My childhood teacher Rammurti Mishra was, both, a yogi and a Western-trained psychiatrist. He liked to tell traditional stories like the Ramayana from a psychological perspective. He encouraged us to think of the characters and events as if they were parts of ourselves; he suggested that we might seek personal solutions by “actively imagining” the stories. The Ramayana tells the story of a perfect couple, Rama and Sita, who are separated by events and reunited through righteous and dharmic choices. Rama is regarded as a “Perfect man,” the personification of dharma; Ram Rajya has passed into popular parlance as a term for an “ideal government,” a kingdom where righteousness and light prevail.
For those unfamiliar with the Hindu epic Ramayana – Rama’s story turns on a great injustice: instead of affirming his ascendancy to the throne of Ayodhya, his stepmother Kaikeyi claims that right for her own son and banishes Rama into exile for fourteen years. Great sorrow befalls the people as a result of her selfish (though dharmically defensible) action, but Rama forgives her and accomplishes many good deeds while in exile. He restores order to the kingdom of the Vanar people, vanquishes the demon king Ravana, establishing a peaceful and just reign in Ravana’s kingdom of Lanka. He defeats the rakshasas who have been tormenting the forest yogis, and restores life to the woman renunciate Ahalya. Most significantly, he rescues his beloved wife Sita, who had been held captive by Ravana. With his exile completed and wrongs set right, Rama can come home.
Tulsidas’ Ramayana tells us:
“When Lord Rama returned to Ayodhya, it was a moonless night. The people illuminated their homes and placed lamps along the roads to light the way as he, with his beloved Sita and his most faithful brother Lakshman, walked slowly home. When Ram returned to Ayodhya, the light of his inner being overcame all inner darkness. No one lied or stole or harmed another with unkindness or ill will. There was no violence or discord in the city. Night-roaming predators remained in their lairs. Animals forgot their natural enmities; predators and prey became friends. The earth was rich in crops. Flower gardens bloomed extravagantly. Everyone’s heart shone with gladness, and everyone spontaneously cherished friends and neighbors as if they were dear family. Petty jealousies and conflicts disappeared like shadows at noon.”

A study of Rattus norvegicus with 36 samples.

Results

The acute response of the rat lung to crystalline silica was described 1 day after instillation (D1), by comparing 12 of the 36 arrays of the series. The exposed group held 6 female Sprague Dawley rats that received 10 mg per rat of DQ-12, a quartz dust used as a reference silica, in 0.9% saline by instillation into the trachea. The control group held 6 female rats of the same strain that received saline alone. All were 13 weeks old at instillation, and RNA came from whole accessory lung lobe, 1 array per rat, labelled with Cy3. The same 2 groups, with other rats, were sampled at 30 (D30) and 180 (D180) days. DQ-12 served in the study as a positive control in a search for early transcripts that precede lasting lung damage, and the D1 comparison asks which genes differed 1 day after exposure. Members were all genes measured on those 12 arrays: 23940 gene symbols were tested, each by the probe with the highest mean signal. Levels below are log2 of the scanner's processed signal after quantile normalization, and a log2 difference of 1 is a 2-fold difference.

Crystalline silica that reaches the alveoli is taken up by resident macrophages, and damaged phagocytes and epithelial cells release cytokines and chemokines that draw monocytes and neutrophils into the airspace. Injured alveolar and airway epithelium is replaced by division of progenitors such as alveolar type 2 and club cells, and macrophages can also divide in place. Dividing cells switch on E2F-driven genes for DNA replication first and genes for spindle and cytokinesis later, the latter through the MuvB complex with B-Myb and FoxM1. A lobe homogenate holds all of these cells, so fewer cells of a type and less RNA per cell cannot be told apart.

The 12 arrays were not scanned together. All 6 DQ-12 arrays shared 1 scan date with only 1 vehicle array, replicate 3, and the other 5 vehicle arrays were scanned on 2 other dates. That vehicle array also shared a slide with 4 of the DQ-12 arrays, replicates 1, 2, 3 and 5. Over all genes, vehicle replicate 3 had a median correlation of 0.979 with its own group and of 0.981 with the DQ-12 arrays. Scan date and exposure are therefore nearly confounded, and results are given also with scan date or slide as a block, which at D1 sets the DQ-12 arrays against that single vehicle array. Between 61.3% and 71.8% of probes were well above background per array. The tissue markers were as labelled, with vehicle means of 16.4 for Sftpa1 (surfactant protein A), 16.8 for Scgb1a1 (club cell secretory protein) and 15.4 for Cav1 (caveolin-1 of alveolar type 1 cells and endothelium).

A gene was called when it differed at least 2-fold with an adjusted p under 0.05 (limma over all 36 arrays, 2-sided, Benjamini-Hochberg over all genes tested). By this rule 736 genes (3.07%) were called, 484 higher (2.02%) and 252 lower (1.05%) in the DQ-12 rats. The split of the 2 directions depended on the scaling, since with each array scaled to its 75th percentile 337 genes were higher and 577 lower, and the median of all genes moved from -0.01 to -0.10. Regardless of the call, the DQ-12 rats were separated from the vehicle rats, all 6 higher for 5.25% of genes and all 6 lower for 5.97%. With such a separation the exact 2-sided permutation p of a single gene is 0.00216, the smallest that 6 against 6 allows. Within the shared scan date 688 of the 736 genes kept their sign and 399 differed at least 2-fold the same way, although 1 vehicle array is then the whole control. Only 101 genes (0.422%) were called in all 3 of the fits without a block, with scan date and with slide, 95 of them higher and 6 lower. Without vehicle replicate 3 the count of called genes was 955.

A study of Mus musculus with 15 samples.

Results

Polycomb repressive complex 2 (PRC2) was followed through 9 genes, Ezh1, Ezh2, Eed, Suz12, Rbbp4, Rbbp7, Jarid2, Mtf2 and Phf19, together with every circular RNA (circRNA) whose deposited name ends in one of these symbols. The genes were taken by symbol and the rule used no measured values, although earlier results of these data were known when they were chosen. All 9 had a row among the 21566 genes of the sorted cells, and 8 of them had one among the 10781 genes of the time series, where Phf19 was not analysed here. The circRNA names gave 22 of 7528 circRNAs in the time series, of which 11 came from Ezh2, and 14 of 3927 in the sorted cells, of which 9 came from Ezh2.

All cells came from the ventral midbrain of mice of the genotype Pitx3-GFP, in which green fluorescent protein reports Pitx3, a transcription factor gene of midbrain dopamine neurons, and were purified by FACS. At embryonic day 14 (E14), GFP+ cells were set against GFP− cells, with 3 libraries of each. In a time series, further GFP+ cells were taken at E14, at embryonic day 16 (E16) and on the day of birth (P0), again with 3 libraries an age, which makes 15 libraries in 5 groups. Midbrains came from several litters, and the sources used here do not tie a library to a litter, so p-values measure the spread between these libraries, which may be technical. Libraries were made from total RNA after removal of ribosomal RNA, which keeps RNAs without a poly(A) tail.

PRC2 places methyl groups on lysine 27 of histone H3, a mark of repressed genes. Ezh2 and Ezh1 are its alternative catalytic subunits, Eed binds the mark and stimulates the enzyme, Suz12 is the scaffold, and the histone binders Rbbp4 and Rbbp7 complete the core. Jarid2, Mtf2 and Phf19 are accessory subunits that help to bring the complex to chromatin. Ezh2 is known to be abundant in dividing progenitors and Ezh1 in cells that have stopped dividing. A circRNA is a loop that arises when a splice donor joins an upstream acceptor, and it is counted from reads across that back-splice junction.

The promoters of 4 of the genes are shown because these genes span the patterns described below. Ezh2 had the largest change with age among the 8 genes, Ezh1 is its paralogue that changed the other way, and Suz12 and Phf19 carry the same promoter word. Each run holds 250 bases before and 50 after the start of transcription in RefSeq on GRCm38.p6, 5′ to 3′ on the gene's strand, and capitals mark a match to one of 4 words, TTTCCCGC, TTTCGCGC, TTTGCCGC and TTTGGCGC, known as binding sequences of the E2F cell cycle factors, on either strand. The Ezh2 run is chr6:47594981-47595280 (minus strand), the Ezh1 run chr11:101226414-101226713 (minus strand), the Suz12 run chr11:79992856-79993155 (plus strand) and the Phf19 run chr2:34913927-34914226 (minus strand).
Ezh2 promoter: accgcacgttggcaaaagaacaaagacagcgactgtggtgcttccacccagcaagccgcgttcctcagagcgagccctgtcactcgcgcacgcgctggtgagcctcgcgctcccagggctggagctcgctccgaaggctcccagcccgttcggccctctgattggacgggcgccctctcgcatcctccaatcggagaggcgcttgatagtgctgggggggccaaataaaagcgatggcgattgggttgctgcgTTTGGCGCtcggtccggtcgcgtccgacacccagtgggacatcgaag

On Diwali we recall Rama’s return and the pure, joyous state of the people. We clean and decorate our homes, we light lamps and eat festive foods, we give gifts to families and friends, we lovingly remember our ancestors. We banish the shadows of criticism and fear and bask in the light of the Lord’s presence.
But the light does not prevail undiminished forever, even in Rama’s kingdom. After a few idyllic years, suspicion and sorrow began to creep back into Ayodhya. Truth, purity, compassion and charity began to erode. Self-interest and callousness found new footholds. The animals began to quarrel. Crops grew less abundant. In the marketplace, innuendos arose, hinting at a dark side in Queen Sita’s relationship to Ravana. To pacify the people, Rama (knowing that the accusations against her were false) sent her back to the forest, breaking his own heart.
It is tempting to wait for another shining embodiment of light, like Rama, to appear and banish the shadows in our lives. We imagine such people in politicians, entertainers, and spiritual teachers. We may even be fortunate to know someone whose very presence “lights up the room” and makes everyone feel happy and harmonious.
I think that each of us has the potential to be such a person. Maybe if we work together we can come up with creative solutions to make the light stay, if not permanently, then a while longer. Let’s brainstorm the actions we can take, or refrain from taking (I’m looking at you, gossipers in the marketplace!), to nurture harmony and joy in ourselves, our families, and our communities. Every effort in that direction can be a step toward establishing Ram Rajya in our world, a world in which every day is Diwali.
Zo Newell is a writer and certified yoga therapist. Her first book, Downward Dogs and Warriors: Wisdom Tales for Modern Yogis was published in 2007 and its sequel, Flying Monkeys, Floating Stones: More Wisdom Tales, is slated for publication in spring 2020. She has written numerous articles for Yoga International exploring the interface of asana and Indian mythology. She holds a Ph.D. in religious studies from Vanderbilt University.